They Wanted It To Be True So Badly That They Starved Monkeys for 23 Years

As the electric blanket of humidity that drapes the South in August begins to yield to autumn, I want to believe that the football team at the University of South Carolina, my alma mater, will win the national championship. I’ve worked really hard to build a story in my head that this will finally be the year for the Gamecocks, and I believe this story. Since I was eight years old I’ve been a fan, and fan is short for fanatic.

But scientists shouldn’t be fanatics -- they should care about truth. They shouldn’t root for anything. Unlike the rest of us who trick ourselves into believing things – crazy unprecedented things like South Carolina winning it all – scientists must take a cold, hard look at the facts.

 “Some scientists, anticipating such benefits, began severely restricting their own diets….but the bottom line was that the monkeys that ate less did not live any longer than those that ate normally…. Rafael de Cabo, lead author of the diet study, published online on Wednesday in the journal Nature, said he was surprised and disappointed that the underfed monkeys did not live longer.”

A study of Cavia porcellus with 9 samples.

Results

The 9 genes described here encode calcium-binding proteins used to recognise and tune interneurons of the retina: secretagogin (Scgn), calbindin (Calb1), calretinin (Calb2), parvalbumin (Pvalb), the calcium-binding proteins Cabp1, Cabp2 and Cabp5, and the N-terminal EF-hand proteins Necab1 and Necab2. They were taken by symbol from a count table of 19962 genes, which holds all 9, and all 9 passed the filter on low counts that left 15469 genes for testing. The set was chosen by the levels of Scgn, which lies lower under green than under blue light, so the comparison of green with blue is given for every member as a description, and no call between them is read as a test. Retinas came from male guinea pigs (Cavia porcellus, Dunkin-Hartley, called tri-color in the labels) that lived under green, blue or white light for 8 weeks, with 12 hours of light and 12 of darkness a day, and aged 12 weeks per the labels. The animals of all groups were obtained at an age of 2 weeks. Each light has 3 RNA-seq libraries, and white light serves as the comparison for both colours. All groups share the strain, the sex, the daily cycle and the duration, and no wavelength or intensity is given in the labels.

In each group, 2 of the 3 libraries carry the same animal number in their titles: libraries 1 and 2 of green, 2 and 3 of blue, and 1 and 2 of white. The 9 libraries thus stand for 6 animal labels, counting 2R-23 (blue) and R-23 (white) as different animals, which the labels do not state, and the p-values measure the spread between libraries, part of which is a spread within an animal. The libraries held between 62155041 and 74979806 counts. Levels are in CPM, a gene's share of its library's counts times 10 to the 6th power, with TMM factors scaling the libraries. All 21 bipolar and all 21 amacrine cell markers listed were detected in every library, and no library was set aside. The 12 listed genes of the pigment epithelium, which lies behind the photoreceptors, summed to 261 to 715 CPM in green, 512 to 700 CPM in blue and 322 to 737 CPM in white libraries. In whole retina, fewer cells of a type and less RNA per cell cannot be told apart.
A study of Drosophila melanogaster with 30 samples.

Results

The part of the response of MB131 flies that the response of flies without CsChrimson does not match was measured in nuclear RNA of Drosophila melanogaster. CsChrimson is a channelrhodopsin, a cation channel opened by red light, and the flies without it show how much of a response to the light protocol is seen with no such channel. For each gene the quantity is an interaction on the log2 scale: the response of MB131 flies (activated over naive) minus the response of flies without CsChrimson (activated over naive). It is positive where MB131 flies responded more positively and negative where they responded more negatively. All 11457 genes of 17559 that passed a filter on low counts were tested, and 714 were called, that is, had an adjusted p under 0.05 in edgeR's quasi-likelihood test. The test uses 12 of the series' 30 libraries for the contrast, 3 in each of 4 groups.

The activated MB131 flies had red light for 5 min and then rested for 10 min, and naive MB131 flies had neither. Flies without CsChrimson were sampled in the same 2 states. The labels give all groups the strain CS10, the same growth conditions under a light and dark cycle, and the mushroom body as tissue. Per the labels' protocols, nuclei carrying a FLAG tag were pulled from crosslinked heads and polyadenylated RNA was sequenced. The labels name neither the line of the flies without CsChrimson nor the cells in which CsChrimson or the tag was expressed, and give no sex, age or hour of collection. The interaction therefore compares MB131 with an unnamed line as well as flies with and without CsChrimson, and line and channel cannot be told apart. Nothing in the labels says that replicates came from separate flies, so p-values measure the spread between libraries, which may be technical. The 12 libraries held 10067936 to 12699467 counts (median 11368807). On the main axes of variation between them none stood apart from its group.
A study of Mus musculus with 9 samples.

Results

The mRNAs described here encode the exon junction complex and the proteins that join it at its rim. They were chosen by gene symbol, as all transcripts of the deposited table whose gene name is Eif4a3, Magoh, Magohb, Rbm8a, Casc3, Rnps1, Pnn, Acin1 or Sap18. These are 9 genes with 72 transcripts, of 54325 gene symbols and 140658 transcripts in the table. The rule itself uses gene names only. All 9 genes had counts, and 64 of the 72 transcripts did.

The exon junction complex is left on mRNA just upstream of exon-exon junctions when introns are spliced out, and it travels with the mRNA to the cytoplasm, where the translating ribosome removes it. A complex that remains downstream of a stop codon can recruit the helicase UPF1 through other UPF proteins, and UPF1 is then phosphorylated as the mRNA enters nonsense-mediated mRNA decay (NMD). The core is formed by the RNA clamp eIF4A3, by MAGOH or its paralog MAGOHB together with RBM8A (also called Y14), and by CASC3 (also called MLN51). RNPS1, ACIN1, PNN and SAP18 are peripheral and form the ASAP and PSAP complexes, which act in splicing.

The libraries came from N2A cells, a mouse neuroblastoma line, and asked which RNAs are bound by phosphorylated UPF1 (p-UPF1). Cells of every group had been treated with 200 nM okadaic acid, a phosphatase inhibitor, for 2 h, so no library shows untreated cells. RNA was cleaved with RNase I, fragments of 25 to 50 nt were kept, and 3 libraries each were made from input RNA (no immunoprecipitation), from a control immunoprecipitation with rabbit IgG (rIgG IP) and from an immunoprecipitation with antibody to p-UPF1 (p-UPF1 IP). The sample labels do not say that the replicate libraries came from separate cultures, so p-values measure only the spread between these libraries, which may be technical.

De Cabo is disappointed because what he was rooting for didn’t happen. Of course, scientists care about the outcome of their research. Sometimes they care because they’re competitive and want to prove something before a rival does, or they need an article published to get tenure or promoted – science is still done by humans, after all. But also, and more interestingly, sometimes they care because of good intentions, not bad. Obesity is a nasty, growing problem that shortens life spans. So scientists want to help the world by demonstrating the counter-positive: that calorie restriction extends life.

I believe that because of the rigor in the profession, scientists are less likely to work to prove the truth they want to prove than most of us. But when scientists go to monkey-starving lengths to make their case, it should be a warning sign for the rest of us. We need to stop ourselves from turning good intentions into self-deception.

Still, I really think this is the year for South Carolina Football.